Football Finance expert Kieran Maguire has claimed that Tottenham Hotspur are confident of finding a long-term naming rights partner for their stadium but warned the club that they should avoid agreeing on a deal with a cryptocurrency sponsor.

It has been nearly four years since the Tottenham Hotspur Stadium opened but the club are yet to find a naming rights partner for the 62,850-seater stadium.

Joe Lewis Daniel Levy


Maguire has now suggested that Spurs are making good progress in their hunt to find a partner and remarked that the club are ‘very confident’ of agreeing on a long-term deal.

He explained that the generic name being used for the club’s home ground will make it a particularly attractive proposition for interested parties.

Maguire told Football Insider: “Spurs are still very confident that they are able to sign off on a deal. Fans still call it White Hart Lane, but they are calling it the Tottenham Hotspur Stadium.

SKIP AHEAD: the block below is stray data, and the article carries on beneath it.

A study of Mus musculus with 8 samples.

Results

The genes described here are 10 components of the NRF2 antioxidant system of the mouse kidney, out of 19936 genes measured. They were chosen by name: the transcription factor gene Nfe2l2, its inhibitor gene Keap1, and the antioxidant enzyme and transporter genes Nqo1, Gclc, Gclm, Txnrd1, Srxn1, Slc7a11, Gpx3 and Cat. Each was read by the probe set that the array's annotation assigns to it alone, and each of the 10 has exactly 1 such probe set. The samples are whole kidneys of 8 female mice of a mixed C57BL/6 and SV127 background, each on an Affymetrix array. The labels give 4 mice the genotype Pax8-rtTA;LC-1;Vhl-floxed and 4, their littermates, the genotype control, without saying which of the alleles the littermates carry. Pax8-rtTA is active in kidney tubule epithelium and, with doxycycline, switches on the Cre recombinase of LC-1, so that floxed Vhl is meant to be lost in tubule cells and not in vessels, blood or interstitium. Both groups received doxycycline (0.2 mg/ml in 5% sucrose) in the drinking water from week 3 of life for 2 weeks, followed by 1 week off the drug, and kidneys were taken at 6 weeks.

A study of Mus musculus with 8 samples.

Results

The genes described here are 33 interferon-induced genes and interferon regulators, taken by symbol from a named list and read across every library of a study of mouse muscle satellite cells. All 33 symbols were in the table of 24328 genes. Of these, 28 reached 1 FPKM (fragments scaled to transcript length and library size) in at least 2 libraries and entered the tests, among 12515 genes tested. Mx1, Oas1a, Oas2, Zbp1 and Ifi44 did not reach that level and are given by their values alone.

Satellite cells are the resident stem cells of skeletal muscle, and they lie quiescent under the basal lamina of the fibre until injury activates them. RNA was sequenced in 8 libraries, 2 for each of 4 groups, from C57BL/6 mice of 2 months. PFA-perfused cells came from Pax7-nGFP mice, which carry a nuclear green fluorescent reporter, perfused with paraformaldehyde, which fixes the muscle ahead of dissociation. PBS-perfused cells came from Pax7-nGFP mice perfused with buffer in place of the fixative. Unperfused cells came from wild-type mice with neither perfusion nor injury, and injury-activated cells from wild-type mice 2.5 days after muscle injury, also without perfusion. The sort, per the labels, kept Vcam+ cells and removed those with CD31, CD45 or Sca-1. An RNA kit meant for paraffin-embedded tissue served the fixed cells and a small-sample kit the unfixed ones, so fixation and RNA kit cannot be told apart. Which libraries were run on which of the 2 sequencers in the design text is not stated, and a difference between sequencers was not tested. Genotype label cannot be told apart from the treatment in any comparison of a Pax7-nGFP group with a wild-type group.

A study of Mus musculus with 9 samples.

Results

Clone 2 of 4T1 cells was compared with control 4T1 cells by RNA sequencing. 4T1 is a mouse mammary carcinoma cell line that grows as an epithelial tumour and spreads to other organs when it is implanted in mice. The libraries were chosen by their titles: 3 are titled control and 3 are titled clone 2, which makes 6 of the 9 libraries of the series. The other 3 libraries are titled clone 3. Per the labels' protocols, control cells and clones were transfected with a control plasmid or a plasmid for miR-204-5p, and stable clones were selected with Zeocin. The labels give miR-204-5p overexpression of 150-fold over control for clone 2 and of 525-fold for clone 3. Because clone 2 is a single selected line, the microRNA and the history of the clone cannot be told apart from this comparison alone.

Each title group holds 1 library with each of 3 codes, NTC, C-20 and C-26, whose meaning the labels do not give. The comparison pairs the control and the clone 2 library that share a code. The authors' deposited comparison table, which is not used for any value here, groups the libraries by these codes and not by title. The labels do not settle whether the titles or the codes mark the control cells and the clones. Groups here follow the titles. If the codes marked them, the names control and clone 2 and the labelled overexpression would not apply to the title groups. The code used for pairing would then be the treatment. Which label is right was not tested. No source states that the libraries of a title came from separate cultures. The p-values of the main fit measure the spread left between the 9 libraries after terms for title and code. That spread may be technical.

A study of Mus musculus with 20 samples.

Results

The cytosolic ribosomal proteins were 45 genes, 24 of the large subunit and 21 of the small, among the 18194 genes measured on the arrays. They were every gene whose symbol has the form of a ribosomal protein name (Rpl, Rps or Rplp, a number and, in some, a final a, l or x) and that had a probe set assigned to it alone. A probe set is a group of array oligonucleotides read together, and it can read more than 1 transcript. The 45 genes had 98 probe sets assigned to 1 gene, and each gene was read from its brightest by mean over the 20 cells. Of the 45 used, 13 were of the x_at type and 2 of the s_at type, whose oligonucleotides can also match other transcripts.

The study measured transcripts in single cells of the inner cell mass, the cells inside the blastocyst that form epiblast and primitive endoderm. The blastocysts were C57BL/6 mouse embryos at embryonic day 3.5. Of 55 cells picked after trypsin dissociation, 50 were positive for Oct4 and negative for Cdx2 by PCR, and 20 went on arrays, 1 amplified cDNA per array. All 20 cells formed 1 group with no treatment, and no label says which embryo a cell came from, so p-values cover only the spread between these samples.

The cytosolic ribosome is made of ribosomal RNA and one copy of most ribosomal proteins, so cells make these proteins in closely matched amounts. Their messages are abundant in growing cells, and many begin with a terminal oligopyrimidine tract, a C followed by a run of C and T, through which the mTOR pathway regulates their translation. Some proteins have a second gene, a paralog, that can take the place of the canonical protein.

“It is absolutely essential that whatever deal is signed is long-term because it is that first name that always sticks in the eyes of supporters. Nobody calls Bolton’s stadium the University of Bolton Stadium, they call it the Reebok. That is reflected in the value of the naming rights.

“I think Spurs are still confident that they can find a deal, although it is a more precarious market than they perhaps had a year or two ago.

“That is due to the volatility of cryptocurrency and other related industries. They have to be careful if they sign off on a deal that is making people redundant. That could generate more negative than positive headlines.”


It is a sign that the club believe that the naming rights will only become more lucrative as the stadium continues to become an increasingly more popular destination for various events in London.